This is a printer friendly version of an article from www.peninsuladailynews.com
To print this article open the file menu and choose Print.
Article published Jun 13, 2010 DAVID G. SELLARS ON THE WATERFRONT: Port Townsend maritime center to host vital mariner classes
By David G. Sellars PDN Maritime Columnist
THE NORTHWEST MARITIME Center and Wooden Boat Foundation in Port Townsend will be hosting three classes later this month that can make or break an otherwise pleasurable day on the water for recreational mariners.
First up, as part of the Safety and Survival at Sea series, is a class offering first aid and CPR training with a focus on the water world.
This class is produced by Emergency Medical Training Associates and meets or exceeds Coast Guard requirements.
The recreational boater will gain the skills to provide basic lifesaving care in a remote environment.
The two-part class takes place on June 22 and 24 and costs $50, which includes books and materials. The class instructor is Jordan Pollack.
On June 29, there is a class that will teach water rescue skills for the avid boater.
This four-hour program, which will be taught by Erik Wennstrom, covers, among other things, rescue skills including overboard drills, patient transfers from boat to boat and search and rescue skills.
The cost is $25 and participants will need to dress appropriately for cold and wet weather. Bring a life jacket and other rescue devices that you normally carry on your vessel.
Also, beginning on Tuesday, June 29, and for the three following Tuesdays, Crystal Goodner of Dirty Girl Mechanics LLC will be the instructor for a women-only class on diesel engines.
Crystal will discuss with the ladies the basics of how a diesel engine functions, how to change the oil and filters and other practical information related to their maintenance and upkeep.
And there's more.
Carl Allen of Pacific Marine Consulting LLC will hold a coed class on diesel engines beginning on Wednesday, June 30, and for the three succeeding Wednesdays that will cover the same ground as Crystal's women's class.
The fee for either of the classes is $90 per student.
All of the classes will be held at the beautiful Northwest Maritime Center at 431 Water St., Port Townsend.
For more information on any of these excellent classes or to register, contact Rob Sanderson at 360-385-3628, ext. 103 or at email@example.com.
New life for a war hero
About 10 days ago, Lady Goodiver had her bow line lashed to one of the Port of Port Angeles buoys off Terminal 3.
The white, 110-foot boat had the rugged look of being neglected and tired.
Clutter could be seen strewn about her weather decks, and she was listing a few degrees to starboard.
However, beneath that worn and weathered faĆßade there is history and a bit of a story.
Lady Goodiver began life when her keel was laid down at the Peyton Company in Newport Beach, Calif., on May 23, 1942, as an SC-497 class submarine chaser and was commissioned by the Navy on April 15 of the following year as USS SC-772.
She initially did patrol duty in Puget Sound and the Strait of Juan de Fuca, Astoria, Ore., and the Columbia River basin.
In mid-August 1944, she was deployed to the South Pacific for patrol duty near Saipan and Tinian, and on June 8, 1945, she rescued two survivors from a downed aircraft.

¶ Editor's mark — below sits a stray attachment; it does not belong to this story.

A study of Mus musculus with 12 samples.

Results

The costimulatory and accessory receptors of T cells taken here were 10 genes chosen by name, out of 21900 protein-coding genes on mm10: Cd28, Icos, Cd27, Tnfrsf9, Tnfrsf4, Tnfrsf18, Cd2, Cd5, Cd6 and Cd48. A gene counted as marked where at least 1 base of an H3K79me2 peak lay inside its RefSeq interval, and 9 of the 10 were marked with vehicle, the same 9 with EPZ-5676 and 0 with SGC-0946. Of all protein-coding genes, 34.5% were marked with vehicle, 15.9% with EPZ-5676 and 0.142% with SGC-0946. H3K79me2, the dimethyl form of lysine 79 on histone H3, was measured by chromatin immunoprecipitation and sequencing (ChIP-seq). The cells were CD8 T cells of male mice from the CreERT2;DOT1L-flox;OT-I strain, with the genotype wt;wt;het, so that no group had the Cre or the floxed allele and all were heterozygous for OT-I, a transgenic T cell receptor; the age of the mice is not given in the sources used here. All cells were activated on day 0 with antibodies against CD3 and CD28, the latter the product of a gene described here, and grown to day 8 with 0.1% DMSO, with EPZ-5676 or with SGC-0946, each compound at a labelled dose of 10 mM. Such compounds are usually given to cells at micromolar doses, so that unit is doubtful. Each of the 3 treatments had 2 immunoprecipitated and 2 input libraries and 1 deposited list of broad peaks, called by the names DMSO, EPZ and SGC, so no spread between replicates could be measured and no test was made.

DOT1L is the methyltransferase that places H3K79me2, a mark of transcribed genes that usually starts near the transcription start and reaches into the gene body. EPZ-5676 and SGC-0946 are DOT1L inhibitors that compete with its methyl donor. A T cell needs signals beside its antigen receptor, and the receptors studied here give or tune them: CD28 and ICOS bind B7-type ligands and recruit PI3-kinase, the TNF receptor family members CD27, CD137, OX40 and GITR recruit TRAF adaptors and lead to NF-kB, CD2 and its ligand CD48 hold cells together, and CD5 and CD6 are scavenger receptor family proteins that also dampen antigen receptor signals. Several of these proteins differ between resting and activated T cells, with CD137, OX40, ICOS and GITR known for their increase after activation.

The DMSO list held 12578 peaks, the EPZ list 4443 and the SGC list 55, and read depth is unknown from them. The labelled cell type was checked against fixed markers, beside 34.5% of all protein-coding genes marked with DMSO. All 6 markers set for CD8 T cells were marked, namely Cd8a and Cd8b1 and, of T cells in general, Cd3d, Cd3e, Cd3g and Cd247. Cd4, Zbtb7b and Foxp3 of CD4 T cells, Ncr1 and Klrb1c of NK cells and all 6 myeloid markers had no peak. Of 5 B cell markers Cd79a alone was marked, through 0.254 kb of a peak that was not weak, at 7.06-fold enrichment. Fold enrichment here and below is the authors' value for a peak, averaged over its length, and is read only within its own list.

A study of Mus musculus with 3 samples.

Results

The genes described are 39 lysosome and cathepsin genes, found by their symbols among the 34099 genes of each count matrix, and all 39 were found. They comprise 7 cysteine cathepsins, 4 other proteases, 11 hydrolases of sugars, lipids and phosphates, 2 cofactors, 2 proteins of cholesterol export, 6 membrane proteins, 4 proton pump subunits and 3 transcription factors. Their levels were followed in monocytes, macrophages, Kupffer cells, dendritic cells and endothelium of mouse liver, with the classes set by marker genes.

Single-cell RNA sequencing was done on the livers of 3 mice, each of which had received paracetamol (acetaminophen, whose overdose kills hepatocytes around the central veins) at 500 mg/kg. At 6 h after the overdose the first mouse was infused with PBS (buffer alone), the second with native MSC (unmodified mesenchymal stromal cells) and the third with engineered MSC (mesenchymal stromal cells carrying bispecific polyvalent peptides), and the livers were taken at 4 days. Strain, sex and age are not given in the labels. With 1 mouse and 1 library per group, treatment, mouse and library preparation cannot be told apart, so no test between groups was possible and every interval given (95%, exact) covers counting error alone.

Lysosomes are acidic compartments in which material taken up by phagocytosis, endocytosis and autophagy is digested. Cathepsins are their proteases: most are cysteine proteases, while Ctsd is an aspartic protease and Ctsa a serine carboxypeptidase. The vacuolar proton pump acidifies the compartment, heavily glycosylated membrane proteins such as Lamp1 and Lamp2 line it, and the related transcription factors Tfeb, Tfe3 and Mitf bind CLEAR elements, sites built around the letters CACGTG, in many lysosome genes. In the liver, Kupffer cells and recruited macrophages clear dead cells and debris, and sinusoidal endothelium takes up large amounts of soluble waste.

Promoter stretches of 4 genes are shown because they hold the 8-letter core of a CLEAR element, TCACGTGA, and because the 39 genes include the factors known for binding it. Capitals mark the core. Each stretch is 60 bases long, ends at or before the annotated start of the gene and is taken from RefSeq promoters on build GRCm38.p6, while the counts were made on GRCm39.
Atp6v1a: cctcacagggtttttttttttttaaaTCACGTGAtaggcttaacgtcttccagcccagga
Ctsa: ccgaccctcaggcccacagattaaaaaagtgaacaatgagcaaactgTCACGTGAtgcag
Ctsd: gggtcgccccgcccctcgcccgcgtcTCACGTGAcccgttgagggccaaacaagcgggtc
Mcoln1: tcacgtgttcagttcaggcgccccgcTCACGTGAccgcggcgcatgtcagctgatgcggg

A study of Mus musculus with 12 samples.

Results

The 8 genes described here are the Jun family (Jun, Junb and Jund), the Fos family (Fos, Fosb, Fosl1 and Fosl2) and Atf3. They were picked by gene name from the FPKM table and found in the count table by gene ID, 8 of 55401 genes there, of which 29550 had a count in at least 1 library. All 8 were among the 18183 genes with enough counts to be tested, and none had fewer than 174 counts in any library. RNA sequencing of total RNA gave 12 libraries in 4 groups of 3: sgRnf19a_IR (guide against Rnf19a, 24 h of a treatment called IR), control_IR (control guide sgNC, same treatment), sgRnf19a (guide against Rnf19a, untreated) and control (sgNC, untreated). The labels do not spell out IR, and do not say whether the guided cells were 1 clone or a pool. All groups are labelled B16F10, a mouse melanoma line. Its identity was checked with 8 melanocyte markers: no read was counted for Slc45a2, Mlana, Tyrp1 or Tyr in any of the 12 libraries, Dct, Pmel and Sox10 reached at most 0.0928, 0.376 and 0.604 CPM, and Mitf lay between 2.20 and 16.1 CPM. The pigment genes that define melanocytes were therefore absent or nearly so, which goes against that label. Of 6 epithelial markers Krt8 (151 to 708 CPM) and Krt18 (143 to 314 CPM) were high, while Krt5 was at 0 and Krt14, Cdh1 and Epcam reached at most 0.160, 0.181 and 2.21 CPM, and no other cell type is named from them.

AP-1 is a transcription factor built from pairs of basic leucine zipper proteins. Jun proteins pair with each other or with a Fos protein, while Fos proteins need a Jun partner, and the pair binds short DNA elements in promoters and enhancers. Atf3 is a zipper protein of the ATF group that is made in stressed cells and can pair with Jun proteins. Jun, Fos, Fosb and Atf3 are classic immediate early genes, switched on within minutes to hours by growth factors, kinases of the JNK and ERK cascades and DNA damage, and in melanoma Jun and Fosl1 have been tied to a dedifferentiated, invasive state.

At the conclusion of World War II, USS SC-772 was transferred to the Coast Guard and was commissioned as the cutter Air Mallard (WAVR 437).
She served for a brief two-year period in San Diego before being struck from the records.
A total of 438 of these wooden sub chasers were built by 50 different boat builders on both coasts, the Great Lakes and the Gulf Coast.
They were the first line of defense at the outset of World War II against the German U-boats that were having a devastating impact on the shipment of materiel and cargo, especially in the Atlantic Ocean, by the sinking of merchant ships of all nations regardless of neutrality.
Sub chasers, otherwise known as the "Splinter Fleet" -- one direct hit from an enemy cannon would turn the boat into splinters -- were a constant nuisance to the German submarines.
U-boats were only effective when they could be at periscope depth, sighting and aiming at a ship at which to fire its torpedoes.
When sub chasers picked up a U-boat on its sonar, they would be in a position to drop depth charges, forcing the German sub deeper into the water and allowing shipping to proceed unimpeded.
There are currently fewer than a dozen known survivors of the Splinter Fleet. Some of them remain in the Pacific Northwest in private and commercial hands.
There is also one based in Bergen, Norway, that serves as a museum ship and tours the Norwegian coast during the summer months.
Back to the Goodiver.
After World War II, Lady Goodiver passed through a number of owners until she had been converted to a live-aboard dive boat in British Columbia in the 1990s.
In the summer of 2004, she was in Seattle awaiting a new future because of the death of her owner.
The timeworn, weather-beaten lady was facing a bleak and ignoble future until Steve Harrick of Hillsboro, Ore., bought her last December and took her to Gig Harbor.
He traded a Grand Banks 32 for her.
As of this writing, Lady Goodiver is moored in Scappoose, Ore., where she will undergo a refit and be converted to a bed and breakfast inn.
Steve said after he repaints her in a pretty shade of gray, he will rename her Subchaser SC 772.
For those of you who would like to know more about the Splinter Fleet, check out www.splinterfleet.org.
Out in Port Angeles Harbor on Tuesday, Tesoro Petroleum provided bunkers to Nicolaos, a 623-foot cargo ship flying the flag of Cyprus.
She got under way for Vancouver, Wash., shortly after fueling.
David G. Sellars is a Port Angeles resident and former Navy boatswain's mate who enjoys boats and strolling the waterfront.